I’m on the side of social globalism
I’m sure I’m not the only observer to have noticed how discussion of “globalism” tends to involve crosspurposes. While some of us refer to corporate globalism, others are evidently referring to social globalism.
Naturally enough, such conversations are unresolvable, as they have totally different visions of how the world works. Or should work.
Corporate globalism hopes to increase the wealth of one elite group by exploiting the poverty and underemploy- ment of another group. These corporations are “multinational” or “supranational,” with no allegiance to any particular country. Their only loyalty is to profit, regardless of the currency, be it dollars, euros, drachmas, riels or zlotys. Any country that dares to resist these capitalist pirates is subdued by armed invasion.
It is true that many global corporations began life in the U. S. A., or in the U. K., or in another of the so- called “advanced societies,” but they have spread throughout the world to take advantage of those nations that have valuable raw materials and an impoverished population.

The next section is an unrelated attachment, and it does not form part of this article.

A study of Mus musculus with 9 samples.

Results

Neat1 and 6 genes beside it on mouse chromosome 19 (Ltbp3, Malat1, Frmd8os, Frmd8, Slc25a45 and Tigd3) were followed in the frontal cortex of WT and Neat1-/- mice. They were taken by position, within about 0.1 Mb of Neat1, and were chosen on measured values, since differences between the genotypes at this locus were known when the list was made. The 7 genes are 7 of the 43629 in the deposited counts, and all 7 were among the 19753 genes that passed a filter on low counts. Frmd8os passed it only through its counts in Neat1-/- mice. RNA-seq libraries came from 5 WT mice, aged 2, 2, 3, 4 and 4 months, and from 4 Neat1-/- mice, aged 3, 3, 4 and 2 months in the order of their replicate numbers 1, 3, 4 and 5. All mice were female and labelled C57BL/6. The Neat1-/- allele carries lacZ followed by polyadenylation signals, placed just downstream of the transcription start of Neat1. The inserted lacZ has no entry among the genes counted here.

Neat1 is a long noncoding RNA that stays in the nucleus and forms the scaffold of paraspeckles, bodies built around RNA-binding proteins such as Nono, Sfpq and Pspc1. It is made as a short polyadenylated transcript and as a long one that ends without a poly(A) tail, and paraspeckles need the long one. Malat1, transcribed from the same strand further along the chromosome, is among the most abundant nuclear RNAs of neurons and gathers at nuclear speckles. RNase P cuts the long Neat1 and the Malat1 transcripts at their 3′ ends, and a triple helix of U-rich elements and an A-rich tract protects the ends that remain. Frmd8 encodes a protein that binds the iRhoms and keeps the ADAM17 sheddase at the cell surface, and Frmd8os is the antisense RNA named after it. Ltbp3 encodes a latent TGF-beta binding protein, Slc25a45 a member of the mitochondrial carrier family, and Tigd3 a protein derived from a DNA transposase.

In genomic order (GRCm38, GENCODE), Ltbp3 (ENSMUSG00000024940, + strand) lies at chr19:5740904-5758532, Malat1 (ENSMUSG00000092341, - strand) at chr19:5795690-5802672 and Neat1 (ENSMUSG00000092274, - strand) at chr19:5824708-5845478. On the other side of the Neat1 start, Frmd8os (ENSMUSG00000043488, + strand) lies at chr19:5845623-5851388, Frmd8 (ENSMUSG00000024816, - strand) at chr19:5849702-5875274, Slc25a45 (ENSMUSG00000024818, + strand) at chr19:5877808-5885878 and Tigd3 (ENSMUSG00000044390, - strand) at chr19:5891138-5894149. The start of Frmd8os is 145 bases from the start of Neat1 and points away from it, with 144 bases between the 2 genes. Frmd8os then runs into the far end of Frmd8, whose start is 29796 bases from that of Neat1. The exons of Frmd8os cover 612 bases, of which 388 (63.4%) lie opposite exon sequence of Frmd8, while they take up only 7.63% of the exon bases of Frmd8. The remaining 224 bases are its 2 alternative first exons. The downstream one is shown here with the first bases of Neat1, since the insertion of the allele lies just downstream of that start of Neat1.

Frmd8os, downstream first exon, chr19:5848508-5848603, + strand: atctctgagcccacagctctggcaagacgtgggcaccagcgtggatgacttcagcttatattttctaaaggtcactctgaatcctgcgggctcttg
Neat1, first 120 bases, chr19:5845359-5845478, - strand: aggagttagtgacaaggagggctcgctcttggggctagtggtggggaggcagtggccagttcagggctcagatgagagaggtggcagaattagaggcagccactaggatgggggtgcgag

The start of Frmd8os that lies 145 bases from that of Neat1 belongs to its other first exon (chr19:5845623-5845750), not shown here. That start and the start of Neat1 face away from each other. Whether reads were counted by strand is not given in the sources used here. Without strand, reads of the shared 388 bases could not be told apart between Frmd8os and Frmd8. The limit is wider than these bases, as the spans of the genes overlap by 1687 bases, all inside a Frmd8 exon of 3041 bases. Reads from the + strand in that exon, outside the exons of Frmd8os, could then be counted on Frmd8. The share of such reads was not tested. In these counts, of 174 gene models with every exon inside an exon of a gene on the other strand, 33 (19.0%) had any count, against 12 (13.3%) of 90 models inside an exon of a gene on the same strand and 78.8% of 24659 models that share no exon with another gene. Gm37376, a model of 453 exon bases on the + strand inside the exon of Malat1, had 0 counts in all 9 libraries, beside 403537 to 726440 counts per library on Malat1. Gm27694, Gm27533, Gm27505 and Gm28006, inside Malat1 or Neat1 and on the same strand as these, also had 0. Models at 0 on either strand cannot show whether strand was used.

There are many nations in this exploitable group. Health benefits? Workplace safety? Retirement plans? Not necessary, as there are plenty of able- bodied young workers to take over from their sick or dead elders. It’s a miserable business, but immensely profitable, if only in financial terms.
Social globalism comes from a different direction. It recognizes the essential unity of the human race, and refuses to accept demarcations of race, gender, religion, age, physical or mental capability, or any other arbitrary division.
Social globalists are opposed, deeply and irrevocably, to the depredations of corporate globalism, and are committed to co- operation, mutual aid, social adaptation and mutual respect. As long as any part of the human race is being exploited by any other part, social globalists will stand in solidarity with the weaker group. And I stand with the social globalists.
If that sounds vaguely similar to the Communist International of our ancestors, I don’t consider that a viable reason to condemn it out of hand. We are all living on borrowed time, and if we don’t learn to get along together then our planet will soon be uninhabitable.